A young man stood on a bench outside a cluster of simple but fastidiously neat buildings in this tribal reserve today and blew a series of quavering notes on an antelope horn.

It was the traditional call to arms for the men of the local Pedi tribe, and this was the second day in a row it was sounded across Moutse's crowded villages. The men were being summoned to defend the chief's kraal in bitter fighting that has broken out between the Pedi and armed groups from a neighboring tribe, the Ndebele.

At least 20 persons were killed in the fighting yesterday, and the atmosphere today was tense as both sides were on alert again.

Burned-out vehicles litter the roadside in Moutse's main settlement of Kwarilaagte. Several stores have been gutted. Dark bloodstains on the roadway leading to the chief's Great Place mark the spot where two Ndebele invaders were stoned to death.

Local people predicted there would be more trouble over the weekend when workers return from their jobs in nearby towns and cities. Some observers fear the conflict could result in the most bloodshed South Africa has seen in its 16 months of racial violence.

The conflict reflects complex intergroup tensions generated by South Africa's apartheid system of segregation. Until recently Moutse was one of the most placid regions in the country. It did not figure in the widespread unrest of 1976, nor in that which racked many parts of South Africa last year.

But last August, the government announced that Moutse was to be transferred from the Lebowa tribal "homeland," which opposes independence, to the newly created KwaNdebele "homeland," which has agreed to become nominally independent of the Pretoria government this year.

Most of Moutse's 120,000 people oppose the transfer, but the white minority government in Pretoria insisted that it take effect from Jan. 1.

This is what has triggered the fighting. According to people interviewed in Moutse today, hundreds of armed Ndebele tribesmen who support the KwaNdebele government of Chief Minister Simon Skosana raided the Pedi reserve yesterday in an apparent attempt to crush its resistance to incorporation.

They say the invaders, calling themselves the Imbokhoto organization -- an Ndebele word meaning a millstone used for crushing corn -- attacked homes in Moutse, killing one man, wounding several and capturing 60 people who are now being held in a community hall in the Siyabuswa, the KwaNdebele capital.

This led to the summoning of Moutse menfolk to defend their villages, and widespread fighting broke out.

According to Maredi Cheue, who has represented Moutse in the Lebowa legislative assembly, at least 17 members of the Imbokhoto groups died in the fighting.

Two policemen were also killed and two others are missing after Moutse youths set fire to a police car. Many people here accuse the police of having aided the Ndebele in the fighting.

Groups of Ndebele men carrying knives, machetes, axes and guns patrolled the streets of Siyabuswa today and several reporters who entered the "homeland" capital were threatened.

A CBS Television crew who began photographing some of the people imprisoned in the community hall was menaced by a large group of armed men, headed by the homeland's interior minister, Piet Ntuli. The television crew was forced to leave the sprawling makeshift town.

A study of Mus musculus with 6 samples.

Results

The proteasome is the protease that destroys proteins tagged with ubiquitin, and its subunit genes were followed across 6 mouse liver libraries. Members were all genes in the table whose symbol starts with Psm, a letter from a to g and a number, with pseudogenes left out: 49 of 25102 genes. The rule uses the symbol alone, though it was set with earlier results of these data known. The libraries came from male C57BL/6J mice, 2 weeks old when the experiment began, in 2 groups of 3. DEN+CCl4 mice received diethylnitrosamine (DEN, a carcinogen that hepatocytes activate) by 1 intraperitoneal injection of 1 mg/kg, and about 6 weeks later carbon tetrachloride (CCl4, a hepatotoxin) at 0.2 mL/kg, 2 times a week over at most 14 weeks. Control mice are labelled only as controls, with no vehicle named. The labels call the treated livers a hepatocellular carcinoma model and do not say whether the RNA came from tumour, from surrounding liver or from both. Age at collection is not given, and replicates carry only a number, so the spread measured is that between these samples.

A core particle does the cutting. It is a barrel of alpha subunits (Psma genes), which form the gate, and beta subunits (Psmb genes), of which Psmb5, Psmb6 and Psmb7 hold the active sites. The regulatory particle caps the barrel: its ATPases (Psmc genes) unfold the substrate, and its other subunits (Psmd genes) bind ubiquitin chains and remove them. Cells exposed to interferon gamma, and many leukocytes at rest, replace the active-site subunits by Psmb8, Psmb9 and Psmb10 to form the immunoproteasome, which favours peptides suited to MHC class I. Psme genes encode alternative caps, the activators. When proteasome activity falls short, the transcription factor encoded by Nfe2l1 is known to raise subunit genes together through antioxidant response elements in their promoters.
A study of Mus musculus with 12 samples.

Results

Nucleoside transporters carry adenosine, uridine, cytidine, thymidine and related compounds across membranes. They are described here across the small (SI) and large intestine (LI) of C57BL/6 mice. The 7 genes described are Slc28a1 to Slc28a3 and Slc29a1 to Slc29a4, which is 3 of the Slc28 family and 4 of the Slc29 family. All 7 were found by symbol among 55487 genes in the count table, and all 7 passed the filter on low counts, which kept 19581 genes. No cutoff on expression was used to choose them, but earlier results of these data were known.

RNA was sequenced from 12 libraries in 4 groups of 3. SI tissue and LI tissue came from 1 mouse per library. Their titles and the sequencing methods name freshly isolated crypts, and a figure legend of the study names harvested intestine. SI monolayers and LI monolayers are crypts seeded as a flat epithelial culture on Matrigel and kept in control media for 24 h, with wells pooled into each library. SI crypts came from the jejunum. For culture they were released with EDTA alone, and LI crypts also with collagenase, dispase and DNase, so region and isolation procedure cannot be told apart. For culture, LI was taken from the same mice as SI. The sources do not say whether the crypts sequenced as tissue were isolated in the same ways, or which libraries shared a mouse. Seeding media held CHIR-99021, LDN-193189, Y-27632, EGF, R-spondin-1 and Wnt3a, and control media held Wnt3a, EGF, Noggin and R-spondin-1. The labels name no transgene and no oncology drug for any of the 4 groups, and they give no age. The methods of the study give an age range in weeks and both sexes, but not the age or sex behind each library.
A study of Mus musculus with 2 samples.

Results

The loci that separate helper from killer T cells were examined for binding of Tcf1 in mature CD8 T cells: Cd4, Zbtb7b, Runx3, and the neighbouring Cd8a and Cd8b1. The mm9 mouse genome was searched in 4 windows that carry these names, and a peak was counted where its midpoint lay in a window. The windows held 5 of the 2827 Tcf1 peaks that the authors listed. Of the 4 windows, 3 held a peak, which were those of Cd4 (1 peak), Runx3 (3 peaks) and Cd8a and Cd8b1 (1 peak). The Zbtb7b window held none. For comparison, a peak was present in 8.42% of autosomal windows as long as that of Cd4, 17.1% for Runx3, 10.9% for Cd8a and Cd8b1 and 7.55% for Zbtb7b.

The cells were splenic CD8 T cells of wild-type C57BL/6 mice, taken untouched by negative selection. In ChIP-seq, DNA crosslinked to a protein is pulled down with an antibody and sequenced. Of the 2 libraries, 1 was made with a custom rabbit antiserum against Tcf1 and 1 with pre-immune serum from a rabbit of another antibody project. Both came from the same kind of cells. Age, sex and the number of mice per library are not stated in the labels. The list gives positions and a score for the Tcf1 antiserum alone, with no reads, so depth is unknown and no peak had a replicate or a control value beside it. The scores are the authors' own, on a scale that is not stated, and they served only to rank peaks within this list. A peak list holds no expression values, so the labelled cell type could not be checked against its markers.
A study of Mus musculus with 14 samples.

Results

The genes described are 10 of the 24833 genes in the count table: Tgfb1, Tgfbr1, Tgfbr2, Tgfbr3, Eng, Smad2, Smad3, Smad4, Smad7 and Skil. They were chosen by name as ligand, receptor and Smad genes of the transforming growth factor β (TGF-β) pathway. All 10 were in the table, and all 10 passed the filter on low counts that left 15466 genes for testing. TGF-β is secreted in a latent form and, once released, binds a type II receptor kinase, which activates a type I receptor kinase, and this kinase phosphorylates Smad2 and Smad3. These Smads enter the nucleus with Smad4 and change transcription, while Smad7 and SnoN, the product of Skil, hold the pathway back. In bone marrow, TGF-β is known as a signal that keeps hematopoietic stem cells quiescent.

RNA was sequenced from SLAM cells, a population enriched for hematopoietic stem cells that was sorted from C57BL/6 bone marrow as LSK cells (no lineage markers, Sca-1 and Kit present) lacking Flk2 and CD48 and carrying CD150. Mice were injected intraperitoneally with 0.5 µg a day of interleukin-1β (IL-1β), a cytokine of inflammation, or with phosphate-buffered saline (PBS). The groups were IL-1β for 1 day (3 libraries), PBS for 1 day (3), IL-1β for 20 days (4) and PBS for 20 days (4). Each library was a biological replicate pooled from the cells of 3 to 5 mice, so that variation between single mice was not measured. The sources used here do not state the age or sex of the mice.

One of the crew said later that some of the prisoners appeared to have been beaten.

Cheue said in an interview that the Imbokhoto groups had gone on a rampage of beating and looting starting at 4 a.m. yesterday.

He said they chopped down the doors of villagers' houses with axes, beat people up, smashed furniture and stole money, radios, clothing and jewelry.

"Women and children fled into the hills," Cheue said.

Chief T. G. Mathebe, traditional leader of the Moutse community, told a group of reporters he had visited the local police chief recently to tell him he feared attacks by Ndebele groups. According to the tribal leader, the police chief replied that his job was to protect white civil servants in the area.

Speaking through an interpreter, Chief Mathebe added: "Our relations with Pretoria are so bedeviled that since yesterday we feel we have reached the point of no return."

Another local community leader, Godfrey Mathebe, who also represented Moutse in the Lebowa legislative assembly, accused the homeland's leader, Cedric Pathudi, of "selling us out."

"I used to support him, but not anymore," Mathebe added, revealing another dimension to the tensions of the incorporation issue.

Mathebe, who runs a bar, was holding a meeting with other community leaders in his establishment when reporters called. Armored personnel carriers full of police patrolled past the bar as he spoke, but the police did not come in.

Conversation in the bar reflected the anger of the once placid local community. "People here would rather die than be incorporated," said Abraham Nkudi, who runs a general store in the reserve.

Lazarus Shaku, headmaster of the local high school, said the entire staff of his school had refused to sign documents transferring from the Lebowa to the KwaNdebele education department.

"If they try to force us, we'll burn our salary checks," he said defiantly. "And the students certainly won't accept it. If they try to force them, there'll be another 45,000 black youths out on the streets demonstrating."

"Why are they doing it?" asked Godfrey Methebe, referring to the Pretoria government. "Botha says he is abolishing apartheid, so why is he pushing for another independent homeland? He says he has ended forced removals, so why is he forcing us to join KwaNdebele?"